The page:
Politics & Economics

Markets And Businesses Reopen In Basira, Deir ez-Zour


Shops, restaurants and markets in the town of Basira reopen, highlighting the return of economic life in Syria's Deir ez-Zour.

Massive changes have taken place in the Syrian province of Deir ez-Zour since mid-2017. The ISIS militants that once had near-total grip over the province have been gradually pushed pushed out, leaving them confined to few small pockets in the eastern and southern reaches of the province. Reconstruction efforts and economic revitalisation, which was once confined to the western reaches of the province, are now spreading eastwards, including the town of Basira (also known as Busayrah or Baseera).

Located along the intersections of the Euphrates and Khabur Rivers, Basira occupies a location that is both strategic and vital to local economic life. The massive pumping stations of Basira feed water to much of the surrounding farmlands. Its size, as one of the larger towns in the region, makes it a hub of economic and social activity.

The town was under the control of ISIS militants until November 2017 upon which it came under the control of the Syrian Democratic Forces (SDF). Years of ISIS rule and the subsequent fighting had caused significant damage to the town. However, since the defeat of ISIS militants, locals of Basira have been returning to their town and slowly rebuilding it. The town’s water pumps have since come back online, allowing recovery to spread beyond the immediate borders of Basira but towards the surrounding countryside.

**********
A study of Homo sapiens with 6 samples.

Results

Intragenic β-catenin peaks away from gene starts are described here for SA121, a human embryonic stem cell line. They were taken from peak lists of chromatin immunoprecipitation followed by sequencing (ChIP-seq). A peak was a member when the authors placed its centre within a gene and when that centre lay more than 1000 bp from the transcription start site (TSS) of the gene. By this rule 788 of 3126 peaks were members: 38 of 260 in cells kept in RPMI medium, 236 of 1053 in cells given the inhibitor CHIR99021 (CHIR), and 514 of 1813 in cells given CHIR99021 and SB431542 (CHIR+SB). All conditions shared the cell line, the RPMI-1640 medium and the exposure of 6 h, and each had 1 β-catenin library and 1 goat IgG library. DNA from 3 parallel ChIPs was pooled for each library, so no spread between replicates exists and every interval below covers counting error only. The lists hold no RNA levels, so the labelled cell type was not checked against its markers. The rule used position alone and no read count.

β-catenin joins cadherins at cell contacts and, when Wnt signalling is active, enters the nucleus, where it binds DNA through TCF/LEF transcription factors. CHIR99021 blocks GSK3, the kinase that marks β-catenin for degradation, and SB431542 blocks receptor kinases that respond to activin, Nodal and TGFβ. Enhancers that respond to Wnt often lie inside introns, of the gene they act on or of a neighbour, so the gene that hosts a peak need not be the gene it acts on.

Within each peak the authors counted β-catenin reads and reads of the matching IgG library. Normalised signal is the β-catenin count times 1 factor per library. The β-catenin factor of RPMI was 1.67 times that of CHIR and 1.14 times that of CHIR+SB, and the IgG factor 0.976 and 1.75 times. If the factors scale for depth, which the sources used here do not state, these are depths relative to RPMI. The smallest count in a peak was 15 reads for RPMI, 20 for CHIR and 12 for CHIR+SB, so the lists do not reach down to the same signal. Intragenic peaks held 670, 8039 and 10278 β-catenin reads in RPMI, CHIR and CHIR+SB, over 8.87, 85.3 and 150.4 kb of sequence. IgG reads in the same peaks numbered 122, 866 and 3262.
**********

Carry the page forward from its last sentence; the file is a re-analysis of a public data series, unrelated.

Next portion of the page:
The locals here say that things have been improving steadily since. They say that markets have reopened and much of the products they need are available. Shops, restaurants and the local clinic has also reopened. The streets of the town are bustling once again.

There are still a number of challenges that needs overcoming. A portion of the town’s populace remains displaced. The locals here hope that they too can return home. Security is also a concern. Although the security situation here is good, the town is fairly close to the ISIS pocket along the Iraqi border. With the redeployment of some SDF factions to Afrin and news of ISIS militants regrouping, there have been fears that the region may be subject to renewed fighting. In order to prevent getting caught unaware, the local authorities have been fortifying the town’s defences and have increased security measures.

Syrians across Deir ez-Zour and, indeed the whole country, have been through immeasurable difficulties over the past years. Here in Basira, the locals hope that the worst is in the past and that life can, once again, continue.